February 28, 2014

IDPN 2014  Issue 9


Egypt: Twenty-six people have been sentenced to death for "founding and leading a terror group that aimed to attack people's freedom, damage national unity, and attack the Suez Canal waterway.  "Although some of the defendants had escaped capture for now, they were tried in absentia and if/when caught, they will be allowed a re-trial.  



India: Two Italian marines accused of killing to Indian fisherman in 2012, will not face the death penalty.  The Indian government has dropped the anti-terror charges against the marines, thus exempting them from the death penalty.  



Indonesia: Authorities have arrested seven individuals suspected of trafficking drugs into the country.   All had crystal meth on them at the time of the arrest.  Each could face the death penalty under Indonesian law.  



Iran: Seventy-three inmates have had their death sentences confirmed by the judiciary branch of Iran's regime.  The death sentences were confirmed on February 18, 2014, leading to demands from the United Nations and other opposition groups that the country halt all executions.  


On Tuesday, February 25, 2014, two prisoners were executed by hanging in Semnan.  The prisoners were identified by initials only and each was convicted of drug related charges.  


On Wednesday, February 26, 2014, a total of six people were hanged in Karaj.  Three of the six, Arsalan, Hamid, and Habib, were publically hanged in three different areas of Karaj, which is west of Tehran.  The three were convicted of kidnapping and raping a pregnant woman in March of 2009.  Information on the other three was not provided.  



Saudi Arabia: Salem Al Jahdali, who was convicted of murder, has been executed, bringing the total number of inmates executed for the year to ten.  The execution occurred in Makkah.  


Abdullah Al Mabyuq was beheaded for the murder of a fellow citizen on Wednesday, February 26, 2014.  



Singapore:A factory worker and father of four, was sentenced to death in 2011 for trafficking drugs.  Ahmad Fauzi Ismail has always maintained his innocence and, on Monday, February 24, 2014, he was acquitted and released as a free man.  Ahmad could have faced the death penalty if convicted.  



Taiwan: Minister of Justice Luo Ying-shay is being pressured to begin carrying out execution for those on death row.  Of the 52 inmates on death row, 45 have allegedly completed their appeals and are ready for execution.  The minister confirmed that executions will be carried out, however, she will do so in a prudent manner.  Additionally, the ministry must decide how executions are to be carried out.  



United States of America: Shortly after midnight CST, on February 26, 2014, Missouri executed Michael Anthony Taylor.  Michael was 47 years of age.  He was executed for the murder of 15-year-old Ann Harrison.  Read more about his crime here and here.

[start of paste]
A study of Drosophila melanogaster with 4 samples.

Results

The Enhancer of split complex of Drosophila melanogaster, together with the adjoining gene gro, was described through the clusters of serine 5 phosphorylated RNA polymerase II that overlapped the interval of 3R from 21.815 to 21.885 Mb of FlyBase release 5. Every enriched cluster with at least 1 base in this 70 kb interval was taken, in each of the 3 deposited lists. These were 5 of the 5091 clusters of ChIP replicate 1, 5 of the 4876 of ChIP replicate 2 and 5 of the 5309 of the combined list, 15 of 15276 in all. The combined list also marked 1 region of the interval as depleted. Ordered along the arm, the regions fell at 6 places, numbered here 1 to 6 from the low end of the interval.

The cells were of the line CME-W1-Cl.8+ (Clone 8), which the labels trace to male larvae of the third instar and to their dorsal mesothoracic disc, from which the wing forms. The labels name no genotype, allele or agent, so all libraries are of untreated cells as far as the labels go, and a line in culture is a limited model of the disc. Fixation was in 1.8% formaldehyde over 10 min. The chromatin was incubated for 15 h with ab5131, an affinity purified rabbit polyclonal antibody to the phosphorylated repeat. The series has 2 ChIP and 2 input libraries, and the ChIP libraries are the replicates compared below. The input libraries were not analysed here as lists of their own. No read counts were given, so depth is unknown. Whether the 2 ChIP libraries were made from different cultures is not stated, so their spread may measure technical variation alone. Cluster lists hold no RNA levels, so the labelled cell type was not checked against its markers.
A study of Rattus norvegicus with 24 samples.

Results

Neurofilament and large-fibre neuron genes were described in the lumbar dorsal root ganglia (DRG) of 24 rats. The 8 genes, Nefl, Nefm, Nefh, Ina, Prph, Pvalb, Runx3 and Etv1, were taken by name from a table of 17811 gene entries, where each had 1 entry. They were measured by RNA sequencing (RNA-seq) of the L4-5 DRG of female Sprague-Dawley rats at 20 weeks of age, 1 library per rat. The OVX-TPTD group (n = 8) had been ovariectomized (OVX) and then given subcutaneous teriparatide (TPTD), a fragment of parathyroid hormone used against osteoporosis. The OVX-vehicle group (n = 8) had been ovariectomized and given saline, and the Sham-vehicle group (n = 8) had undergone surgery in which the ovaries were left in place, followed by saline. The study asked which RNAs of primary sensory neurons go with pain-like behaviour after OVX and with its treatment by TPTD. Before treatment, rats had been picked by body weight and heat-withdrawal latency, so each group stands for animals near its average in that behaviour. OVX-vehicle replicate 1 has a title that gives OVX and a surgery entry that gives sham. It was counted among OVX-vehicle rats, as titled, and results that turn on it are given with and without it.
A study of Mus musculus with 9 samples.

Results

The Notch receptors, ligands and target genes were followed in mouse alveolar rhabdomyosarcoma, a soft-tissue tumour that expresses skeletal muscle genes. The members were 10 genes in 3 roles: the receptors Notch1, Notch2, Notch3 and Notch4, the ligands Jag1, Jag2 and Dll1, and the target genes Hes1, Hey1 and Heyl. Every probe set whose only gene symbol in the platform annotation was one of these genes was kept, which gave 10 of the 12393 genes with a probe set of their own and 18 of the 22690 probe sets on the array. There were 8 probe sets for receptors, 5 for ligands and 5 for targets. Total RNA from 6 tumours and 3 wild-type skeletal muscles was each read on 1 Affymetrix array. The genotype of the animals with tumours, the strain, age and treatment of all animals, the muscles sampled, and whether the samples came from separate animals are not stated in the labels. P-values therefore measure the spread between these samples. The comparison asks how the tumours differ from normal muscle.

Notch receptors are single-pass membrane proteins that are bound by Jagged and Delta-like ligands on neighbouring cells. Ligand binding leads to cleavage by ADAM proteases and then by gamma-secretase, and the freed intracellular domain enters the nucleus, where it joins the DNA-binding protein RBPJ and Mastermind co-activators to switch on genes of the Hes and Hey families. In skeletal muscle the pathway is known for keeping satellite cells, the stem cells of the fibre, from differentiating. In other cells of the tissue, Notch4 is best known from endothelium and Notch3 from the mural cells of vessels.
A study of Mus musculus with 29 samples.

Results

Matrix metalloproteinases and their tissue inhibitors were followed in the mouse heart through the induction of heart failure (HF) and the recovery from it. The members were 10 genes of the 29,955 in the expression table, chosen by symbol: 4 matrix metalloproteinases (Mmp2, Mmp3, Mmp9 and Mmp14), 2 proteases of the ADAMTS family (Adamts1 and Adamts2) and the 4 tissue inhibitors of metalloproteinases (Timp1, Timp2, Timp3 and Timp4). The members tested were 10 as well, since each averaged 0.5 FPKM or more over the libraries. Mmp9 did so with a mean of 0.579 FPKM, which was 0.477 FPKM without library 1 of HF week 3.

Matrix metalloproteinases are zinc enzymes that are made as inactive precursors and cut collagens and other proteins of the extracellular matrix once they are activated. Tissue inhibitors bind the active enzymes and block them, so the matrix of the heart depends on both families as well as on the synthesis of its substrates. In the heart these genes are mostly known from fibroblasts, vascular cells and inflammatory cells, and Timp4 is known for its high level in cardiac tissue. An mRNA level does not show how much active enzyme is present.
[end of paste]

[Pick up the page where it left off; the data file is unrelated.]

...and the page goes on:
Also on February 26, 2014, Florida executed Paul Augustus Howell shortly after 6 pm EST.  Paul was 48 years of age.  Paul was executed for the murder of Police Trooper Jimmy Fulford.  Read his story here.  


The House State Affairs Committee, of the South Dakota legislature, voted 7-6 to against repealing the state's death penalty.  South Dakota currently has three inmates on death row, and while the bill would only have banned future individuals from receiving the death penalty, it may have cleared the way for the three current death row inmates to have their sentences commuted.  


Mississippi has requested that execution dates be set for two of their death row inmates: Michelle Byrom and Charles Ray Crawford.  If Michelle is executed, she will be the first female executed in Mississippi since 1944.  


The Supreme Court of the United States has ruled that they will not prevent Virginia from retrying Justin Wolfe, whose capital murder conviction was set aside last year by a federal judge who ruled that earlier prosecutorial misconduct would prevent Justin from receiving a fair, new trial.  A federal appeals court in Richmond, Virginia, overturned that ruling, stating that a trial could be held fairly.  


Greg Wilhoit, a former death row inmate in Oklahoma who had been exonerated, died on February 14, 2014.  Greg had been included in John Grisham's 2006 nonfiction book An Innocent Man, although he is not the feature of the book.  Greg always proclaimed his innocence of the crime for which he was convicted (murdering his wife).  Greg was eventually exonerated through bite mark evidence.  Following his release, Greg became an anti-death penalty advocate, appearing on numerous television talk shows.  Greg was 59 years of age when he died.  



Uganda: President Yoweri Museveni recently signed into law a bill that issues stiff penalties for homosexuals and anyone caught engaging in homosexual relations, in an effort to deter the West's "social imperialism" by promoting homosexuality in Africa.  According to Uganda scientists, there is no proven genetic bias towards being a homosexual.  While an older draft of the bill called for the death penalty for homosexuals, this bill does not include such language.  Jail time ranges from 14 years for a first offense, to life in prison for repeated offenses.  


In addition to Uganda, homosexuality may be punishable by death in the following countries: Yemen (married men only), Iran (under Sharia law), Iraq (no exact law but judges cite Sharia law), Mauritania (Muslim men only), Nigeria (under Sharia law only, not federal law), Qatar (for Muslims only under Sharia law), Saudi Arabia (under Sharia law), Somalia (under Sharia law), Sudan (for three time offenders), and United Arab Emirates (lawyers currently debated if federal law requiring death refers to any homosexual act or rape only).